Reading / Literature Club


Ha, so what are you reading these days?


will be checking this one out, sounds like my cup o’tea. thanks for the tip!


Right now I’m reading AB Guide to Music Theory, The Daily Stoic, Sapiens and Recovery by Russell Brand.

I do read a lot of fiction but for some reason I’m on a massive psychology/self improvement hype at the moment.

Most of the stuff here applies to my tastes.

This might belong here:


I recently read Anne Carson’s The Autobiography of Red. A really beautiful novel.


Am also reading bits and pieces from Understanding Understanding by Heinz von Foerster. The details are over my head but I enjoy his ideas about noise and emergent systems.

Also recommend The Cyborg Manifesto by Donna Haraway.


Me too. I tried to get through The Fountainhead but couldn’t deal with her prose. “Predictable and didactic” sum it up well. Wasn’t an enjoyable read for me.


Anthem is probably a 1 week read - it’s really short but doesn’t lack substance so I’d say it’s probably the perfect intro to Rand. Atlas is definitely a denser read but undeniably iconic and a must read :slight_smile:


I don’t recommend you read Ayn Rand. Her philosophy is that the individual should dominate over all to the detriment of the group, that nothing matters but the self. Right-wing politicians use her ideology to justify all sorts of disgusting policies. And on top of that she’s just not a very good writer.


I think a lot of teenagers get personally inspired by her books – believing in their potential and future achievement etc. They claim to not be affected by her politics or that they grow out of it. (Unless they’re the right wing kind that don’t want to.) Teenagers do go through phases.

A lot of them think books are boring in general, so they don’t know that she is way more boring than most. If you don’t mind that, you could read them with an anthropological curiosity. *Maybe just skim.


For me, that’s all the more reason to read her. To understand the roots of an ideology I’m utterly confused and frustrated by. I’ve always felt like left wingers use the “she don’t write good” argument but I have a feeling her more banal passages ultimately end up making her more accessible to non ivory tower types ie conaervative midwestern middle class white Americans…who have a huge influence on international affairs, politics, globalism…that being said still haven’t read any Rand…


What do u think of the Brand book? He strikes me as someone I could stomach better on paper than in video…


Haha well I’m generally a Russell fan, but I would say that this book is probably a lot more easy to stomach for somebody who dislikes him than his other work.

The book is full of exercises, I don’t get on particularly well with that when reading. And although it’s helping me recognise flaws in my psychology, I don’t feel like they are invasive enough to do full self therapy exercises to address them immediately. I’m quite happy to use the book to recognise the flaws and then naturally try to iron out the kinks through journalling etc. at the moment.

So I’m smashing through the book without doing the exercises, then will shelf it, then if I notice I’m still having issues with any addictive or neurotic behaviours in the future I’ll likely pick it up again and maybe sit down at my desk and work through some exercises.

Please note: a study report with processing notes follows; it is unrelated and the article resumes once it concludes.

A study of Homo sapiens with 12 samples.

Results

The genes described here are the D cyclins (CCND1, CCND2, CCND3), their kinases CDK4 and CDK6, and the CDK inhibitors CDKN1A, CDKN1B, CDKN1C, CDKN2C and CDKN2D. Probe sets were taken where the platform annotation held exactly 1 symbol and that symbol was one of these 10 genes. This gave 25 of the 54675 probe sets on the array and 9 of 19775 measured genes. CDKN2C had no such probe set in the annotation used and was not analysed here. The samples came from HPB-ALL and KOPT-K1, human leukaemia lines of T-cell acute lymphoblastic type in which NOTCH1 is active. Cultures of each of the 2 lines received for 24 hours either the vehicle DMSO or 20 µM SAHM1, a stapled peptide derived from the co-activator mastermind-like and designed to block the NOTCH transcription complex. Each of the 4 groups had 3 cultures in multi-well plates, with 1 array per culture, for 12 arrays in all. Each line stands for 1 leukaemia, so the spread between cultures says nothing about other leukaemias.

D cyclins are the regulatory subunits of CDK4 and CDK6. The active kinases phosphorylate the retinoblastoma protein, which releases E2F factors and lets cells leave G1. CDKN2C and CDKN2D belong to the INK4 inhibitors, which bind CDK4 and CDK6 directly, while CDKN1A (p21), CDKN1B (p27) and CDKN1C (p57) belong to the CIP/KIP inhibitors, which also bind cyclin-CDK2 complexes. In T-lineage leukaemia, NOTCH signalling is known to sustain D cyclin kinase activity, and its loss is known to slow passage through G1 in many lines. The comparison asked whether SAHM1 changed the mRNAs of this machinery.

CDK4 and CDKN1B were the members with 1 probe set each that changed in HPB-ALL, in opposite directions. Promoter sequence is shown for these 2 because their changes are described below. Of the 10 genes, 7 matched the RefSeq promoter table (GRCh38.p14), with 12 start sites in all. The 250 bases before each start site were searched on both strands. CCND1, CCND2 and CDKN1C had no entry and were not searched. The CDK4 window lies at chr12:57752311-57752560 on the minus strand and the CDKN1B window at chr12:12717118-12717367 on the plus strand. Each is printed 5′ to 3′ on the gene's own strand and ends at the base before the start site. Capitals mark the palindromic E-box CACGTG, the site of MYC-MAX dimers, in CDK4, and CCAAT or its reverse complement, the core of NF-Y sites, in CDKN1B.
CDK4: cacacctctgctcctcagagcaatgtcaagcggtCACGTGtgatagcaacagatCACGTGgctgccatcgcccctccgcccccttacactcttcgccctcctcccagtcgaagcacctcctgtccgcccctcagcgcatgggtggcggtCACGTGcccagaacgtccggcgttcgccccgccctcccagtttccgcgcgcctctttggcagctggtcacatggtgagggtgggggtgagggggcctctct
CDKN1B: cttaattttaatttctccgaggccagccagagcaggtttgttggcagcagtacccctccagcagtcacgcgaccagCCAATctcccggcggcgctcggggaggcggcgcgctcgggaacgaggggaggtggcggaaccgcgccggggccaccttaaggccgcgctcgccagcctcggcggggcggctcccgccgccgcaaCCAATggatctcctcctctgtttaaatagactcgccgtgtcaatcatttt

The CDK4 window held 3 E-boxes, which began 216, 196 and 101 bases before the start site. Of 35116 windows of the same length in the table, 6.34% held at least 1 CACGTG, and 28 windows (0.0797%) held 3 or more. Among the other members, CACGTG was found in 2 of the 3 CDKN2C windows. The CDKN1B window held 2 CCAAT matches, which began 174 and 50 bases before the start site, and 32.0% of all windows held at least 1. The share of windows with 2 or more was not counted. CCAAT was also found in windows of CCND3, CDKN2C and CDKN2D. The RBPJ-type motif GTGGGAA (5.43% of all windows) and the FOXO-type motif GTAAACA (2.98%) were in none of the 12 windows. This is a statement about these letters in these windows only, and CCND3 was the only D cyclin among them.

To conclude, it’s a good very basic psychology book with some spiritual points and questions mixed in. You’re not going to get fully detailed depth psychology or CBT in there, but it’s a nice high level approach to digging around and seeing what you can fix in your subconscious.


wait wait wait, russell brand has written a self help book? russell brand? self help? and people are reading this?


@bths80 i had a very similar wtf moment, as well. :face_with_raised_eyebrow:


When you’re a superstar ex heroin addict, you’ll be in position to judge people?


this one is laugh out loud funny


Just finished:

Currently reading:


So funny enough i found this in a hostel and devoured it over the course of about a week recently. with DeLillo I always go back and forth - i slog through the white man’s burden / this is my pitiful privileged life / satire of the American Dream’s concept of winning to get those passages that hit me like a concussion grenade to the heart. This one had some good passages - I particularly liked the drunken mechanics’ orgy vomit piss fest that followed his on the road homage with the big Cadillac 'merica man. But the sections talking about film school, empty New York life/marriage, and cubicle dynamics didn’t really interest me and the whole shooting a film as a form of self-therapy for a meaningless empty childhood and adult life during your Saturn’s Return just fell kinda flat for me. That being said this dude came out of the blocks with a style all his own and some very fresh passages and perspectives. I liked it enough to finish, and forgive it for being an early book of his, but all the time was hoping it would get more counter cultural and less self-pitying. I guess i wanted my DeLillo to become Pynchon, which it never did. 3/5


did u mean to say precocious?


just finished this:

was a great read, felt like a thriller. Mix of history, murder mysteries, and really well explained philosophy/critical theory

as @coldsholda once put it… jesus what would have Adorno thought of this:


ha, nope, I meant precious. in other words, a little too pleased with itself.

the bits in part one (corporate/married life) were my favorite, not an endurance test in the least; more of an homage to those time-honored explorations of upper class East coast leisure of Updike or Cheever (or insert just about anyone writing fiction in America from the '20s on). his sense of humor is untouchable. I was howling.